SAN FRANCISCO--I hope Intel warned the Luddites and pessimists away at the door, because the chipmaker had a lot of bullish statements Thursday about its belief that computers will become smarter than humans.
At the Intel Developer Forum here, Intel Chief Technology Officer Justin Rattner showed off a number of technologies in computing, robotics, and communication that he cited as evidence that Ray Kurzweil's concept of "singularity," when machine intelligence surpasses human intelligence, is impending. Demonstrations spotlighted the wireless transmission of electrical power, dextrous robots with new sensory abilities, a direct interface to the brain, programmable materials that can be used for shape-shifting devices such as resizable cell phones, and silicon photonics that enables chips to communicate with photons rather than electrons.
"We're making steady progress toward Ray Kurtzweil's singularity," Rattner said.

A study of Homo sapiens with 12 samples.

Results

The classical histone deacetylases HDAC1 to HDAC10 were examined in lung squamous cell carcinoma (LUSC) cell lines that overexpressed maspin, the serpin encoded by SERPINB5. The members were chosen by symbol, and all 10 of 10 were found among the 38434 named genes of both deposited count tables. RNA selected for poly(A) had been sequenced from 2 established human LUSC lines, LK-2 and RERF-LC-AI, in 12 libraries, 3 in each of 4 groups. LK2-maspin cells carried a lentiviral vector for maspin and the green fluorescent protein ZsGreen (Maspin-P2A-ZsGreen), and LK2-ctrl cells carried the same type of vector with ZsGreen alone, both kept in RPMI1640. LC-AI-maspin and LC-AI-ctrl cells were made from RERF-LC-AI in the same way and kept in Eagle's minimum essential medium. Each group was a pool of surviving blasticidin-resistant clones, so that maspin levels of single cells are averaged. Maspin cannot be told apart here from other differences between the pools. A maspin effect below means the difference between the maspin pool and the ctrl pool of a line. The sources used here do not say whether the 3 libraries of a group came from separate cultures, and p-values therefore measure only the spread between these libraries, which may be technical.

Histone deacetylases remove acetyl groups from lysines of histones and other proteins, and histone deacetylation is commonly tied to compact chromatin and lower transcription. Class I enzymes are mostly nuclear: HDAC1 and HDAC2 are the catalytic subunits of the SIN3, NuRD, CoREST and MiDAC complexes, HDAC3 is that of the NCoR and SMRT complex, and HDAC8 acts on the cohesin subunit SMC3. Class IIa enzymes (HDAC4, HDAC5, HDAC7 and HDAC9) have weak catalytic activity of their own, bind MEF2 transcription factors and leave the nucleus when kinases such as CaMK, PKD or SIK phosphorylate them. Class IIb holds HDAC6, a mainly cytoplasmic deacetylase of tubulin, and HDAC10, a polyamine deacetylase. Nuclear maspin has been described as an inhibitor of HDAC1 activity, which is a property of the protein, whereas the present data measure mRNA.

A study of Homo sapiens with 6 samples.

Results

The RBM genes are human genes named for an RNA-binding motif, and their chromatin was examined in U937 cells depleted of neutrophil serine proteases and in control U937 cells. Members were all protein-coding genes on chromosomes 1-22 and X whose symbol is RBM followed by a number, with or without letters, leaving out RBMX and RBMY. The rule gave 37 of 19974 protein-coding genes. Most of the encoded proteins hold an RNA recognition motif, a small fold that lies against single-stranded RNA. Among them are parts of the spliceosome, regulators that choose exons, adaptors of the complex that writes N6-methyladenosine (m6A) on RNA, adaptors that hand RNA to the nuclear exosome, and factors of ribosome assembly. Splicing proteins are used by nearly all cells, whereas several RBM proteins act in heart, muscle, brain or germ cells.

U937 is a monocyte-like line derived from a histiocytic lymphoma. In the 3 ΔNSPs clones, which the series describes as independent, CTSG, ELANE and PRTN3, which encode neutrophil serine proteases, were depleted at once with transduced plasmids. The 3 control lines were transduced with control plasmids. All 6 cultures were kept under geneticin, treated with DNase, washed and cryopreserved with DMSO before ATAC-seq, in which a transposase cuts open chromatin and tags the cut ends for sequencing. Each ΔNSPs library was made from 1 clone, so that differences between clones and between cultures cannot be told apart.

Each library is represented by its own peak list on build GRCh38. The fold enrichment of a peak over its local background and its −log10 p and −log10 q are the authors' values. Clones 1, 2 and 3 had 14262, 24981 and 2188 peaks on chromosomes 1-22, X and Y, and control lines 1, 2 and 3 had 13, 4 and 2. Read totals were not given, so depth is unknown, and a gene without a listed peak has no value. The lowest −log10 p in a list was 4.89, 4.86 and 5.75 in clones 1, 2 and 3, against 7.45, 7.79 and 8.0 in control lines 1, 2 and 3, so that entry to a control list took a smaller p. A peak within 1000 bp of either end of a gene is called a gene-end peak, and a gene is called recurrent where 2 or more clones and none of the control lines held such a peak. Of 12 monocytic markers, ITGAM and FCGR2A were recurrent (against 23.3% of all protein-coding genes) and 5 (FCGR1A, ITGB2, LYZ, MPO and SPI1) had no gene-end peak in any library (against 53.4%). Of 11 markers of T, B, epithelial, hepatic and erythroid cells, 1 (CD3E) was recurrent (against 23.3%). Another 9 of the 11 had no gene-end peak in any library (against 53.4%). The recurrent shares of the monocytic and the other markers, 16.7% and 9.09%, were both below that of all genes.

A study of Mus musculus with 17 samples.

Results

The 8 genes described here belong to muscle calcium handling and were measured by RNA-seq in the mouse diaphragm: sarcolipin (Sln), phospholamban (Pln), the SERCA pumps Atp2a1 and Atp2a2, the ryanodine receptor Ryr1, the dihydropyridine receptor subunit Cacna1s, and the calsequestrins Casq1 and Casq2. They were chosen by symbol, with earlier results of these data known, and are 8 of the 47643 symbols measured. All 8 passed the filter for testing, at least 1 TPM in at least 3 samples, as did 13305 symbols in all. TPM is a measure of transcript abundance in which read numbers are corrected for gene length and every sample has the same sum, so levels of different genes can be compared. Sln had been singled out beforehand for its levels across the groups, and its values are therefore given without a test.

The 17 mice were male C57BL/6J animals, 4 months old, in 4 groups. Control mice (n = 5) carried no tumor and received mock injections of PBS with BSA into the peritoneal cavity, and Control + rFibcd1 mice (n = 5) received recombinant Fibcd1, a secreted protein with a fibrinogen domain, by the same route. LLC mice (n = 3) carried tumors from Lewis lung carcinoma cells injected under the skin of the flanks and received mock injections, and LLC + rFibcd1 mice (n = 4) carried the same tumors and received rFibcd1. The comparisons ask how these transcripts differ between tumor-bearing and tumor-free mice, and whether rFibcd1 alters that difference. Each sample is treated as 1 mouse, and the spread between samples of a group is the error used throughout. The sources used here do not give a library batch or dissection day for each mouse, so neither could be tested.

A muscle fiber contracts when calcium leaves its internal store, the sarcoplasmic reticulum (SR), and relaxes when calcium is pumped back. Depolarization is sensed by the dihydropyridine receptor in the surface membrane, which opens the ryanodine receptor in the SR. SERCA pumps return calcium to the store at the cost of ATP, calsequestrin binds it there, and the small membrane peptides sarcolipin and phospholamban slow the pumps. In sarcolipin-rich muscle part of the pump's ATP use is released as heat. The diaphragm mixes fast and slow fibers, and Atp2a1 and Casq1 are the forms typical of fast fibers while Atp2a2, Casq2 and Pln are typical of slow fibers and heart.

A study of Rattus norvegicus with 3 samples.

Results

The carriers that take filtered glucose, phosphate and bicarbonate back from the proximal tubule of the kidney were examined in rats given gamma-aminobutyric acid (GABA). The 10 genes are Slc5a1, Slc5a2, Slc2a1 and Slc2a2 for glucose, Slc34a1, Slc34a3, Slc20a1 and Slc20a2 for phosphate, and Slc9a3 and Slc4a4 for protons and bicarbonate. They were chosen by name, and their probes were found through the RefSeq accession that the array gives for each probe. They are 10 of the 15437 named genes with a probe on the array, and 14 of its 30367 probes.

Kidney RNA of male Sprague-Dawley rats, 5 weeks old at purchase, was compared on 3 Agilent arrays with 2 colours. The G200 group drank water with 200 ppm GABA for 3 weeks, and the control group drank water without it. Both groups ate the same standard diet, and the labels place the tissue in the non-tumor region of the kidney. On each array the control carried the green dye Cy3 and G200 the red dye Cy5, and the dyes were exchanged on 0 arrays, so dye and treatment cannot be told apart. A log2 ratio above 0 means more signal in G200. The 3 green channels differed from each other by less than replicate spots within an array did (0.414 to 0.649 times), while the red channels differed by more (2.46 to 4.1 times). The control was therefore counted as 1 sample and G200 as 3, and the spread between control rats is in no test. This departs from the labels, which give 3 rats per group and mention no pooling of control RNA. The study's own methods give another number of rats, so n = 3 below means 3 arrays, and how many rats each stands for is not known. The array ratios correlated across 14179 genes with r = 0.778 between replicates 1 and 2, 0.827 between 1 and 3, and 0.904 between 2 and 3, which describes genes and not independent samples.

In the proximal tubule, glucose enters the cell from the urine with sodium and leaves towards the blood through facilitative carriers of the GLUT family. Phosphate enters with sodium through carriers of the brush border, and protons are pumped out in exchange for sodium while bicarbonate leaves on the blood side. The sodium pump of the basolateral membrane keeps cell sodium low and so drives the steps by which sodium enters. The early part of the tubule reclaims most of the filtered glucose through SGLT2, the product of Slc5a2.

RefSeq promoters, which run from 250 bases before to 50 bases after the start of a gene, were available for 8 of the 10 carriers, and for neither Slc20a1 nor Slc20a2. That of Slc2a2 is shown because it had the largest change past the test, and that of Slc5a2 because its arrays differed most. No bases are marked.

Intel of course remains at its heart a chipmaker, and Rattner began with a brief tour, assisted by Mike Garner, senior technologist for Intel's emerging materials group, of various successors to the current complimentary metal oxide semiconductor (CMOS) process used to make processors. Future ideas that pack ever more computing capacity into a given volume include spintronics, quantum computing, carbon nanotubes.
Long live CMOS And CMOS itself still has some legs, Rattner said, with recent progress shrinking the size of circuitry elements to their current size of 45 nanometers, or billionths of a meter.
"When will silicon run out of gas? Can it fuel this exponential growth for 40 years to come?" Rattner asked. "We got very close to the limit at 45 nanometers. We were able to innovate our way out of what seemed an unsolvable problem...We've got some challenges ahead of us. It looks like 32 nanometers is on track, but you go beyond that and it looks a little bit iffy."